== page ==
Camino de Santiago - French Way - Stage 25, page 1 - Rabanal del Camino to Molinaseca
Total distance: 25 km
Walk out of Rabanal del Camino past the churches of San Jose and Santa Maria and down a country lane until you reach the road. After about 2 kilometres you come across the Fuente del Peregrino and following a continuous climb for a further 4 kilometres you come into the village of Foncebadón. Just as you are approaching the village you will see a wooden cross known locally as el Cruz de Foncebadón. It kindly asks you in 4 different languages, including English, to not leave stones on the cross. This you may ask is a little odd but you will see what we mean a little later.
Foncebadón like so many other villages has been linked directly to the fortunes of the Camino de Santiago. The village grew during the Camino's height in the 12th century even having its own pilgrim hospital, hospice and church built by the hermit Gaucelmo, the remains of which you will pass on your way out of the village. However the village very nearly disappeared altogether, at one point only having 2 inhabitants. With the resurgence of the Camino de Santiago over the last few years the village is slowly but surely coming back to life and some people who have passed through on their way to Santiago have loved it so much that they have come back and settled here. Should you wish to spend the night here you have the choice of 3 albergues.
As you leave the village you pass what remains of the church and hospital built by Gaucelmo. After a short while, approximately 1 kilometre, you come to the road again where you turn left and about 300 metres later you come to the top of Monte Irago and the Cruz de Ferro (iron cross). I mentioned just as you entered Foncebadón that the cross there asked you not to put stones on the cross, here is why.
Where the cross is now located is thought to have originally been an altar built to the Roman god Mercury, whereas some stories say that it is where the Celts worshiped, either way the origins were pagan. The cross is believed to have been placed here in the 11th century by Gaucelmo.
Traditionally pilgrims have left a rock here, whether picked up along their journey or brought all the way from their homeland. Some of the rocks that have been left here contain little messages to loved ones or the name of the pilgrim's home town. In the holy year of 1982 the little Ermita de Santiago, that you see close by, was built. There is also now a huge sundial on the floor where you provide the shadow in order to tell the time.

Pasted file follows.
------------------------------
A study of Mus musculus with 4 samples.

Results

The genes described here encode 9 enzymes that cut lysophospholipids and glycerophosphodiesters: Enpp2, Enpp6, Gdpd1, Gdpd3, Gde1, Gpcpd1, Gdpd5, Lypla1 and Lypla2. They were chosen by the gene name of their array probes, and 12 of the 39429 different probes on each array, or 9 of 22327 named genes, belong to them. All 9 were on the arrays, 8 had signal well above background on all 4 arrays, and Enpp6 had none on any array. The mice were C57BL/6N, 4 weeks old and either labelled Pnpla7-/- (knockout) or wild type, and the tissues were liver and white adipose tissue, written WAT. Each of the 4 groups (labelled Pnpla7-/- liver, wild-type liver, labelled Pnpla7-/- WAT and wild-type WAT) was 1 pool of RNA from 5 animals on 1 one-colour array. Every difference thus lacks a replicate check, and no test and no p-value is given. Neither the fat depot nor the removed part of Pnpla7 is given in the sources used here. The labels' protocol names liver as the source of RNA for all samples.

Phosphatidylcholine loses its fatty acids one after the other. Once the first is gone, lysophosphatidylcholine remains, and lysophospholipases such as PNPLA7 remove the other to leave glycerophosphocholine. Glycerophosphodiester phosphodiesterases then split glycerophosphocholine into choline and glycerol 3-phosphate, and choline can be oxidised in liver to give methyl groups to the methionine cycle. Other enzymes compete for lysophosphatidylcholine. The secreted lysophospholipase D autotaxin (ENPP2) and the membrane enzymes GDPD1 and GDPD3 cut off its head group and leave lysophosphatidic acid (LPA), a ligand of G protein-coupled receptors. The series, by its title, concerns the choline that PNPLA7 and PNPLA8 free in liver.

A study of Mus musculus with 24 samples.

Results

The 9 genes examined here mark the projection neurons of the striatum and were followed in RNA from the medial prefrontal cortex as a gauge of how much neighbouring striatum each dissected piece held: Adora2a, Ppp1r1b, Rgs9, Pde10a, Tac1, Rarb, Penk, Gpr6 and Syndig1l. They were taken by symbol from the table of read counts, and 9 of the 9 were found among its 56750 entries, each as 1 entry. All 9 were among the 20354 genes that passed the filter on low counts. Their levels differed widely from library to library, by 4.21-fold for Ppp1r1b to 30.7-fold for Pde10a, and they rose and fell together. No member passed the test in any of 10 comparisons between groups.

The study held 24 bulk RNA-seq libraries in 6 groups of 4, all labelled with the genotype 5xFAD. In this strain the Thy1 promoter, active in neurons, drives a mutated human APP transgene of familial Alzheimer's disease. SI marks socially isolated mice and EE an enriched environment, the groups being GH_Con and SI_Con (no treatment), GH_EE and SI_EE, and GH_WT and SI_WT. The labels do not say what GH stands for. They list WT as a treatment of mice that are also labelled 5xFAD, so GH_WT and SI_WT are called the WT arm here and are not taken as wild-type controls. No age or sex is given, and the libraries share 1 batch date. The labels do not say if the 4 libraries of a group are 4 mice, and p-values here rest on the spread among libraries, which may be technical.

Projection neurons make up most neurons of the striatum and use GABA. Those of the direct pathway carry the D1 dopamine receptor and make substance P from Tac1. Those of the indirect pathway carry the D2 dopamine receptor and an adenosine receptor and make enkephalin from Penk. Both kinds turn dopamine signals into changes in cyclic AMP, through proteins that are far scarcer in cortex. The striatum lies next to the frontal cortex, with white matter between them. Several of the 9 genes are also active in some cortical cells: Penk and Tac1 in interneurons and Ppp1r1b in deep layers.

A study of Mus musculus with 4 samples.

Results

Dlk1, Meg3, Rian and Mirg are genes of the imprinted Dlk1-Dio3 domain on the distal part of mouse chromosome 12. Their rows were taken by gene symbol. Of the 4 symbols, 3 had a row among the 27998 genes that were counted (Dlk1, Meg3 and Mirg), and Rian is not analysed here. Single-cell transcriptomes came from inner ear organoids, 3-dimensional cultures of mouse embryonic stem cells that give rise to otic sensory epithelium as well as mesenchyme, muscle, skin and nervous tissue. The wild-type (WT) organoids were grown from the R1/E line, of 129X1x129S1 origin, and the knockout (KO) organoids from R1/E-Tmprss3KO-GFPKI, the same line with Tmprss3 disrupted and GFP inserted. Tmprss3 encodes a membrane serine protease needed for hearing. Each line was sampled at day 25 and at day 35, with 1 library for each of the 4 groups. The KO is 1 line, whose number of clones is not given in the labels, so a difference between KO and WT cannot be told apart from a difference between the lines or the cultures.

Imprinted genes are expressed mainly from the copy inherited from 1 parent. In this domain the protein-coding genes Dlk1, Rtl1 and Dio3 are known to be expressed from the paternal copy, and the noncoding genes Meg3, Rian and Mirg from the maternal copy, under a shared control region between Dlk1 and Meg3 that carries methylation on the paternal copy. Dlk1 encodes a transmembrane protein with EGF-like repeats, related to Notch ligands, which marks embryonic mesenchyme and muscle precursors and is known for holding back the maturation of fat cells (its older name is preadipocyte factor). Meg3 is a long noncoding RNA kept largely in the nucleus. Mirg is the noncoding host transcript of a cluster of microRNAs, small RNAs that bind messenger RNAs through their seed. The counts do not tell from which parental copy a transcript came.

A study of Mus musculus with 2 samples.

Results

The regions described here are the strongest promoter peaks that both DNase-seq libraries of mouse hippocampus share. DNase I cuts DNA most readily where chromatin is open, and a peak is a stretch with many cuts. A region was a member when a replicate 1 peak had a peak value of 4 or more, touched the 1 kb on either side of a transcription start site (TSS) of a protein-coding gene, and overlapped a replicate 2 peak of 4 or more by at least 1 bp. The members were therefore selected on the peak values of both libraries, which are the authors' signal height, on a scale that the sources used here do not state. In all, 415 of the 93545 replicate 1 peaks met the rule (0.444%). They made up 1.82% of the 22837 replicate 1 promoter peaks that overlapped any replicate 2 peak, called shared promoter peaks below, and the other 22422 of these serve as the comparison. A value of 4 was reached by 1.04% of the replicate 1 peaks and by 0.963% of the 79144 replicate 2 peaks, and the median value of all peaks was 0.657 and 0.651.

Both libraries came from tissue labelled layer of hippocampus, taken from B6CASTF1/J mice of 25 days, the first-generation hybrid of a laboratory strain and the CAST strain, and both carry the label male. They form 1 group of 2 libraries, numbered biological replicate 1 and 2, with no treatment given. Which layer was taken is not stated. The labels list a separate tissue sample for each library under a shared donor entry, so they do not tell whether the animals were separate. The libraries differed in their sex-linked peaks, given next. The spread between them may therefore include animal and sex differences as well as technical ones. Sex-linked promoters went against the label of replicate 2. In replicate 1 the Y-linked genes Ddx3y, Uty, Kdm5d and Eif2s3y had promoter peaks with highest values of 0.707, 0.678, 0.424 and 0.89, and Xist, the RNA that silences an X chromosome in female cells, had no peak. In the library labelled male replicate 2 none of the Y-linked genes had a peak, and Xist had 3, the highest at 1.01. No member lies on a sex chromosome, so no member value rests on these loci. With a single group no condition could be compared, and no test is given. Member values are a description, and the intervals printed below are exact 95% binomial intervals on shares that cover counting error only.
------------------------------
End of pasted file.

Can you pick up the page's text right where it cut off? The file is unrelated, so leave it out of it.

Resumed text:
Thankfully from here until you reach Ponferrada the route starts to descend for the most part and after about 2 kilometres you reach the village of Manjarín.
Unlike its neighbour Foncebadón which still had a couple of inhabitants, Manjarín was completely abandoned at the beginning of the 19th century. It too relied heavily on the traffic of passing pilgrims and like so many villages we have passed through had a pilgrim hospital run by the Knight's Templar. There is only one person in the village now and that is a gentleman called Tomás Martinez who runs the small, rough and ready albergue here. He is a real character, dressing up as a Templar knight for his visitors. Just outside the albergue are a number of wooden planks showing the distances to various places, of particular interest to us is the one that lets us know there are only 222 kilometres to our final destination, Santiago.
From Manjarín you continue to follow the road for approximately 2 kilometres passing a military base up on the hill. At around this point you have reached the highest point of the entire Camino de Santiago at 1,515 metres above sea level, that's approximately 4,970 feet. The views on a clear day are spectacular. The steep downhill section starts from this point heading towards the El Bierzo valley and its former Roman gold mines. Keep on following the track until you enter the village of Acebo.
The village of Acebo has a couple of interesting pieces of history. As you have walked from Foncebadón you will have passed a number of posts. Back in the Middle Ages these numbered around 800 and it was up to the inhabitants of el Acebo to maintain them so that pilgrims would not get lost in the snow. So important was this job considered to be that the king exempted the inhabitants from paying taxes on condition that they continued to maintain those marker posts. I somehow doubt they are exempt from tax now and whether it's the villagers that maintain them.
The other piece of history does not refer specifically to el Acebo but to a small village about 5 kilometres away called Compludo. We don't pass it on the Camino but there is a detour if you wish to take it. I mention it because I thought that it had an interesting legend. In the 7th century San Fructuoso founded a monastery there and included a blacksmiths forge or herreria. What made it famous was that it was said to have been the place where the sword used by Pelayo during the Batalla de Covadonga was forged. Pelayo was the founder of the Kingdom of Asturias and was the first to have banished the Moors from his Kingdom therefore starting the Reconquista.